When speaking on the topic of judging, it is not uncommon to hear people say, "Only God can judge me!" And this is true! But the issue is whether God uses man to proclaim His judgments.
Although God alone is the Judge, this does not mean that only God judges. In fact, the Word of God says that God enables man to judge, commands man to judge, and is pleased with those who seek to judge righteously.
Throughout time God has imparted to man the authority to judge (Leviticus 19:15; Deuteronomy 1:16; Deuteronomy 16:18; Judges 2:16-19; II Chronicles 19:5; Ezra 7:25; Isaiah 1:17; Ezekiel 23:45; John 7:24; Romans 2:27; I Corinthians 2:15; I Corinthians 6:).
God states that He gives those who obey Him the authority to judge:
"Thus saith the LORD of hosts; If thou wilt walk in my ways, and if thou wilt keep my charge, then thou shalt also judge my house, and shalt also keep my courts, and I will give thee places to walk among these that stand by."Zechariah 3:7
In the Old Testament, God specifically identified those who were set in positions as Judges over His people as chronicled in the Book of Judges. We also see that one responsibility of the prophets was to declare God's judgment to the people (Judges 4:4; II Samuel 12:1-12; Micah 3:1-8; Malachi 4:4; Hosea 6:5).
"And thou, Ezra, after the wisdom of thy God, that is in thine hand, set magistrates and judges, which may judge all the people that are beyond the river, all such as know the laws of thy God; and teach ye them that know them not." Ezra 7:25
Those who judge serve two purposes:
- To judge those who know the law; and
- To teach the law to those who do not know.
"Give therefore thy servant an understanding heart to judge thy people, that I may discern between good and bad: for who is able to judge this thy so great a people?"
We see here that Solomon asked God for discernment to judge between what is good and bad. This request not only pleased the Lord, but God blessed Solomon greatly for asking for the wisdom to judge. The wisest man to ever live was so because he could judge righteously. Judging then is an attribute of Godly wisdom.
In the New Testament, God continues to expect us to exercise judgment. Jesus Himself criticized the Pharisees for being unable to judge the spiritual things of God. The importance of judging spiritual matters continued to be stressed throughout His disciples' ministries (Matthew 16:3; Luke 12:56-57; John 7:24; Acts 4:19; I Corinthians 2:15; I Corinthians 5:3; I Corinthians 6:2-5; I Corinthians 10:15; I Corinthians 14:29; Hebrews 5:14).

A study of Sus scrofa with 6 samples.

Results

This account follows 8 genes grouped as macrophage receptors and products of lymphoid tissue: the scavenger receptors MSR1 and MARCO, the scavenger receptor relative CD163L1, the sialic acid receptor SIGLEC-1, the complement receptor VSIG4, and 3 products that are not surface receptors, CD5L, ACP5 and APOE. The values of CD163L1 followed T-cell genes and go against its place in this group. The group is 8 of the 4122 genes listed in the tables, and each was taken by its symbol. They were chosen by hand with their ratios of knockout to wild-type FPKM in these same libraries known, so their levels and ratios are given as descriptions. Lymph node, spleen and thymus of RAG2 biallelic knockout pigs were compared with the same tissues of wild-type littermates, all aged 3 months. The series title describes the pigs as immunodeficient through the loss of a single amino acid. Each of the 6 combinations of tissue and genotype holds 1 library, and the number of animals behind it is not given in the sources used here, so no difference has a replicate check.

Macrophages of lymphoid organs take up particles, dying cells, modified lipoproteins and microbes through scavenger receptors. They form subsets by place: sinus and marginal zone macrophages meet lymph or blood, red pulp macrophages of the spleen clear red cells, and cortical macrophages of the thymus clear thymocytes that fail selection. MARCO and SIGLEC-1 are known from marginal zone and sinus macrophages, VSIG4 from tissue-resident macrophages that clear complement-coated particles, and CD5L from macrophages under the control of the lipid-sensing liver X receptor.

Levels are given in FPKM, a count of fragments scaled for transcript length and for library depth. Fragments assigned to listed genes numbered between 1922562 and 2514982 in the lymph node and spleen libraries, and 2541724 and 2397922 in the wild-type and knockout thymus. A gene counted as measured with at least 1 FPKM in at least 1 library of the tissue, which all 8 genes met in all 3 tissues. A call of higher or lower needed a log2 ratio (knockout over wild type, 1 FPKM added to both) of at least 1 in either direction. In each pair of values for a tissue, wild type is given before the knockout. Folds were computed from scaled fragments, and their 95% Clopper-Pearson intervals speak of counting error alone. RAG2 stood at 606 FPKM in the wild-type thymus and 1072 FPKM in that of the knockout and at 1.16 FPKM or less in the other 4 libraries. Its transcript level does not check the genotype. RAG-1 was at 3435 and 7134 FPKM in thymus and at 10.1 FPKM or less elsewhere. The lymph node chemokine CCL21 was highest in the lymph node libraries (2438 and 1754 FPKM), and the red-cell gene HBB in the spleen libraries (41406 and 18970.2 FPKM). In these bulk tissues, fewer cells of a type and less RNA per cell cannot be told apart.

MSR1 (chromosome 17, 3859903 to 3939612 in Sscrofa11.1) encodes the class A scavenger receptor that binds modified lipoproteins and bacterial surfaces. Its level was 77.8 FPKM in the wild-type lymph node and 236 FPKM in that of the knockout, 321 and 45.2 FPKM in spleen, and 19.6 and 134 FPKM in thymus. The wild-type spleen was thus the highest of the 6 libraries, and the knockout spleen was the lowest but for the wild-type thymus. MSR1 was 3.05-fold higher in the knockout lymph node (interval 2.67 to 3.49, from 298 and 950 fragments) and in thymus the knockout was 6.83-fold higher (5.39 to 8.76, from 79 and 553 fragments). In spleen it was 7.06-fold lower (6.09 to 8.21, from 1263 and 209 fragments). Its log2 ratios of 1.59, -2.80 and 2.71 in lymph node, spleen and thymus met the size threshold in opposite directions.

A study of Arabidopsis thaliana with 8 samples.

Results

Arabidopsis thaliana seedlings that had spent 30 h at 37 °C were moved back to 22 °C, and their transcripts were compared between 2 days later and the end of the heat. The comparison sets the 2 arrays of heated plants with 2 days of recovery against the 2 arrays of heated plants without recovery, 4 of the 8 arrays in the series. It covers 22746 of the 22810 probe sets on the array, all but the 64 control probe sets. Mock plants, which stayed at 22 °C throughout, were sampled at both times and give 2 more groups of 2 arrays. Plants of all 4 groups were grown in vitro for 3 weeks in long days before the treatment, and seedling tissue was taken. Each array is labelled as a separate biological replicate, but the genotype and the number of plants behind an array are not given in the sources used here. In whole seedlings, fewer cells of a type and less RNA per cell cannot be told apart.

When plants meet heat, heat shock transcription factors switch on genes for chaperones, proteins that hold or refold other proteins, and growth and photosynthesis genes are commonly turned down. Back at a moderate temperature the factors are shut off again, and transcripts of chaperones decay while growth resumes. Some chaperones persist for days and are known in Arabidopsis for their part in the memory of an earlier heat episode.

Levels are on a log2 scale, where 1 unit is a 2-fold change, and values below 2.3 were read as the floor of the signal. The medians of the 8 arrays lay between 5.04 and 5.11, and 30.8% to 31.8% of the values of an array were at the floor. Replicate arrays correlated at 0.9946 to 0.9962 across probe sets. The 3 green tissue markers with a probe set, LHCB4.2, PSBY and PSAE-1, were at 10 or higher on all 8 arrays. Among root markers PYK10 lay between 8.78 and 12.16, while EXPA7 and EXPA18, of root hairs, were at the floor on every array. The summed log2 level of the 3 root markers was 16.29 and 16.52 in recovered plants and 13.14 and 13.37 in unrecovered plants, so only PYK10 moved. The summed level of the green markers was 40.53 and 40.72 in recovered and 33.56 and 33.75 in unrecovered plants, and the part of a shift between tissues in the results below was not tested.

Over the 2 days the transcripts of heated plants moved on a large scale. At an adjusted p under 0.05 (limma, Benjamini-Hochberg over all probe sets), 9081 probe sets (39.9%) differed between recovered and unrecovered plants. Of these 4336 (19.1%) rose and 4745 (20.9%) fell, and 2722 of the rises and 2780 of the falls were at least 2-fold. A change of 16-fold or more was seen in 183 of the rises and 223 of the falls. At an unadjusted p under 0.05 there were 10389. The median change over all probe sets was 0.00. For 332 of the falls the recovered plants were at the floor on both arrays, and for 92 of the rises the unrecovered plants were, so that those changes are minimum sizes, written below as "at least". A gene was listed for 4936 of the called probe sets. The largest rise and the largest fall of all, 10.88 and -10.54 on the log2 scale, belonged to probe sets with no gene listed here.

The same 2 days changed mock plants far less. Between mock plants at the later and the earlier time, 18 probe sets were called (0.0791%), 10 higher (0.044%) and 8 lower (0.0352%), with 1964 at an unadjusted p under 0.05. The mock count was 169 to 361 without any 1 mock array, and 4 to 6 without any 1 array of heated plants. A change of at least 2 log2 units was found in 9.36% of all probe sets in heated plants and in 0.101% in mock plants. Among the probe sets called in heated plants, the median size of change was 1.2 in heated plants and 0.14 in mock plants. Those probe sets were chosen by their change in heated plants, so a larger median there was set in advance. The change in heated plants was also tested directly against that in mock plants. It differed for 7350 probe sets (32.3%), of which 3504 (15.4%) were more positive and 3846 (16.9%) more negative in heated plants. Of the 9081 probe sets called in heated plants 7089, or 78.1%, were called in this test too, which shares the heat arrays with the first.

Further, we are told that it is to our shame if there is none among us who can judge the things of God. God states that judgment is considered one of the weightier aspects of God's law, even more than offerings (Matthew 23:23; Luke 11:14).
When citing God's "command" not to judge, people often refer to Matthew 7:1, however, let's look at the complete Scripture in context.
"Judge not, that ye be not judged. For with what judgment ye judge, ye shall be judged: and with what measure ye mete, it shall be measured to you again. And why beholdest thou the mote that is in thy brother's eye, but considerest not the beam that is in thine own eye? Or how wilt thou say to thy brother, Let me pull out the mote out of thine eye; and, behold, a beam is in thine own eye? Thou hypocrite, first cast out the beam out of thine own eye; and then shalt thou see clearly to cast out the mote out of thy brother's eye." (Matthew 7:1-5)
Jesus clearly says do not judge so that you will not be judged, but to whom is He speaking? He identifies His audience in verse 5 with the words "Thou hypocrite."
Jesus is not forbidding Christians to judge (unless He is calling every Christian a hypocrite). He is warning that we will be held accountable for sin when we practice sin. In other words, we have no moral authority from God to address sin in another's life when we are actively engaging in sin in our own. We are not talking about being sinless here. We are speaking of not being a sinner. Hypocrites are not to judge. Yet those who walk in obedience with the Lord are equipped by God to judge (Zechariah 3:7).
This is consistent with Paul's advice in I Corinthians 11:31-32 that we judge ourselves first so that we will not be judged. As Jesus says in verse 5, we should cast the beam out of our own eye and then we are in position to point out the fault to others.
In truth, God does not forbid us to judge, but He sets up conditions wherein we must judge.